Advocates rallied at the Florida Supreme Court in support of a proposed constitutional amendment that would explicit protect access to abortion.
Erich Martin
Organizers fighting against abortion access protest on the steps of the Florida Supreme Court.

Voters will get to decide the future of abortion through a constitutional amendment that will be on the ballot in November. In the meantime, a six-week abortion limit is now scheduled to take effect in 30 days. The moves are part of two separate rulings from the Florida Supreme Court.

The Florida Supreme Court has issued two rulings that stand to significantly impact abortion access in Florida. Voters will get to decide the future of abortion through a constitutional amendment that will be on the ballot in November. In a separate decision, the court upheld Florida's current 15-week abortion ban, triggering a six-week ban to take effect in 30 days.

Lauren Brenzel is the campaign director for Floridians Protecting Freedom, the group leading the push for the amendment.Brenzel is happy to see the proposal heading for the ballot, but they worry the six-week limitations on abortion will create a “public health emergency.”

“There is nowhere in our southern region to intake Florida’s patients,” Brenzel says. “Women will be forced to travel thousands of miles away from their support systems and their own providers.”

Lawmakers approved the six-week ban last year but stipulated it would not go into effect until the court issued a ruling on Florida's current 15-week abortion limit. In an opinion Mondayjustices upheld the current rules and found that a privacy amendment in the state constitution does not protect access to abortion—reversing a ruling the court had issued back in 1989.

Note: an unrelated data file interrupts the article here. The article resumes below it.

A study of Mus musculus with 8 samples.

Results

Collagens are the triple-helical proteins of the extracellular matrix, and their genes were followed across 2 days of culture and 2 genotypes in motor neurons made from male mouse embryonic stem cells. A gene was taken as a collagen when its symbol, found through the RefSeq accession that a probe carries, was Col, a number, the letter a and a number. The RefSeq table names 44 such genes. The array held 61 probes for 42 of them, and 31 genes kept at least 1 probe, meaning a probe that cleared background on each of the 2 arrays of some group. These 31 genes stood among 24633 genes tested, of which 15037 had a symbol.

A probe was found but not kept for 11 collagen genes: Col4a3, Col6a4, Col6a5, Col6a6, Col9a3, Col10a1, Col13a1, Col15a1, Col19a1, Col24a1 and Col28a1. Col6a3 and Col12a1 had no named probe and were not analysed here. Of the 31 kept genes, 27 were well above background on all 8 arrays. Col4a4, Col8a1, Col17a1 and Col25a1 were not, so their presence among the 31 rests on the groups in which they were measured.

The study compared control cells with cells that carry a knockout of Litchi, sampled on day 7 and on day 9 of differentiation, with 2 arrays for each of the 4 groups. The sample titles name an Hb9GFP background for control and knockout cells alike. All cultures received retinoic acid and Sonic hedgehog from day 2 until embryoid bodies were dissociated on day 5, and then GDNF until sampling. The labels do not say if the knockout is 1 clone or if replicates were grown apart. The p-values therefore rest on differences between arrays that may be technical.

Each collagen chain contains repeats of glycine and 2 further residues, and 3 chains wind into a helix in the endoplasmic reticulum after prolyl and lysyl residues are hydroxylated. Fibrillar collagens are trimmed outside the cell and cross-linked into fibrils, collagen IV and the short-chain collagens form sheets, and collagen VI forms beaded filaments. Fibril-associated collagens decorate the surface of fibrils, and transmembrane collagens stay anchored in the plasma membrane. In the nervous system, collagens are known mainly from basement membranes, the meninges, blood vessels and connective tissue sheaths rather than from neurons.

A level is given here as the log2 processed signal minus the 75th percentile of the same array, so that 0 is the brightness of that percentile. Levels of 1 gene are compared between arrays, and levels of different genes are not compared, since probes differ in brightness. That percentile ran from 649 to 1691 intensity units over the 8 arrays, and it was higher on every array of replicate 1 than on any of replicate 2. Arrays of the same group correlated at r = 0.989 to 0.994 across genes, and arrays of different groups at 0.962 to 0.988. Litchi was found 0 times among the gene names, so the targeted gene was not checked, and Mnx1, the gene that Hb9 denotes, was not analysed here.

As the new restrictions go into effect, Brenzel says abortion access advocates will be working to ensure people can get the care they need.

"There is a network of folks who are interested in helping people obtain care," Brenzel says.

The proposed amendment could reverse the six-week ban. If the amendment language passes in November, Brenzel says it will go effect in January of next year. To pass, it needs approval from at least 60% of the voters who turn out at the polls. More than a million people signed petitions to get the proposed amendment on the ballot, but Brenzel says the next step will require even broader support.

“We need to make sure that we reach out to voters all across this very large state who come from a variety of different backgrounds and a variety of different standpoints on the uniqueness of pregnancy," Brenzel says.

Florida’s Republican House Speaker Paul Renner spoke to journalists immediately after the court issued its rulings. Renner calls the amendment “extreme” and says he plans to fight it—starting by targeting people “in the middle.”

“Those that are pro-choice, or consider themselves that," Renner says. "When you dig into this amendment, they would find it to be far, far more extreme than anything else in the country or even around the world.”

The proposed amendment says, in part, “No law shall prohibit, penalize, delay, or restrict abortion before viability or when necessary to protect the patient’s health, as determined by the patient’s healthcare provider.” It includes one exception, for parental notification when minors seek an abortion—a stipulation which is already in the state constitution.

The proposal has already been given a ballot number. It will appear as Amendment Four in November. Abortion access advocates are planning to kick off their “Yes on 4” campaign next weekend in Orlando.